Delhi’s dogs get counted, finally
Delhi now knows the number of stray dogs it has and also how many to sterilise before the 2010 Commonwealth Games, reports HT Correspondent.delhi Updated: Oct 10, 2009 23:02 IST
Delhi now knows the number of stray dogs it has and also how many to sterilise before the 2010 Commonwealth Games.
A first of its kind survey puts the population at 2.6 lakh dogs approximately.
The task cut out for the Municipal Corporation of Delhi (MCD) is to sterilise 70 per cent of them to bring their population under control before the 2010 Commonwealth Games.
And the civic body has decided to focus on female dogs for better results as the survey reveals that more male dogs (55 per cent) were sterilised as compared to females.
The survey also establishes the male-female dog population ratio at 51:49 with 1,34,000 males and 1,28,000 females.
Wildlife SOS, a non-governmental organisation, conducted the survey aimed at understanding the population dynamics of stray dogs for MCD.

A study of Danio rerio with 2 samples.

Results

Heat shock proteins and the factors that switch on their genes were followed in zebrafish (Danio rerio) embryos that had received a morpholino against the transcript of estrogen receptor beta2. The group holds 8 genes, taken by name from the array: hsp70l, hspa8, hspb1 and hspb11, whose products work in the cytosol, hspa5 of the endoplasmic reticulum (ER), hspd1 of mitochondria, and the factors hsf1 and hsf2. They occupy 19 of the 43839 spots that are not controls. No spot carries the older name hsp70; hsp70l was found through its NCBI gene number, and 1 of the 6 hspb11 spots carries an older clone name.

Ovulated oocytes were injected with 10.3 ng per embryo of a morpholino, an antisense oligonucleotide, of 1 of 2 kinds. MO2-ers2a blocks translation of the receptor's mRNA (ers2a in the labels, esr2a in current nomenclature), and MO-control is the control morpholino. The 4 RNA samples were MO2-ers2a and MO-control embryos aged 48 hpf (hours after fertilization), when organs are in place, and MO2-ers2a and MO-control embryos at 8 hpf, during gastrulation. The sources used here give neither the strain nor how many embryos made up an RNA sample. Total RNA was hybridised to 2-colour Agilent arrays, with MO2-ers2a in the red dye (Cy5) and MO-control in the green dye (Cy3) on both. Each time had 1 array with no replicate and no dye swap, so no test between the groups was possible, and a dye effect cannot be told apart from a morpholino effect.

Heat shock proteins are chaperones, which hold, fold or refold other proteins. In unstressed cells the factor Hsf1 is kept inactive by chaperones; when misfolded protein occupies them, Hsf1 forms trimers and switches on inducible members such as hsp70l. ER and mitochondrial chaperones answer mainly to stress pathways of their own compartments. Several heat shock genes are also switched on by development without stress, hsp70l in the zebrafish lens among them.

It was conducted in all 12 zones of the MCD, in Delhi Cantt and in New Delhi Municipal Council areas between January and September 2009.
The survey puts stray dogs population across Delhi at 2,62,740 approximately.
Of these, there are 2,52,000 under the MCD, while the NDMC areas and Delhi Cantt have 7630 dogs and 3110 dogs respectively.
“Zone wise survey has shown us which areas have high percentage of sterile population and which lag behind,” Delhi Mayor Dr Kanwar Sain said. “Our focus now would be in areas where the percentage of non-sterilised dogs is higher.”
So, efforts will be intensified in Civil Lines, Narela, Rohini, West, Karol Bagh and Shahdara to sterilise street dogs.
Sain said though the survey was conducted across Delhi, the sterilisation programme would be held in MCD areas.
The MCD had established a Society for Stray Canine Birth Control in 2003 and 10 NGOs are working in collaboration with the civic body for sterilisation and immunisation of stray dogs.
The MCD is also establishing a dog sterilisation unit at Karawal Nagar.
Kartick Satyanarayan from Wildlife SOS said the survey was conducted through "population density estimation" using transect siting method.
“Our teams scanned all the 14 areas — 12 MCD zones, NDMC area and the Delhi Cantt — thrice daily for two months to note the encounter rates.”
The findings were categorised in adult males, adult females (also, if pregnant, a different category) and puppies, said Satyanarayan.
“Side by side, a questionnaire was given to respondents for a sample survey.”
He said the MCD should - for effective implementation - go in for a participatory approach, like involving the local residents welfare associations and have an incentive-based strategy for NGOs involved.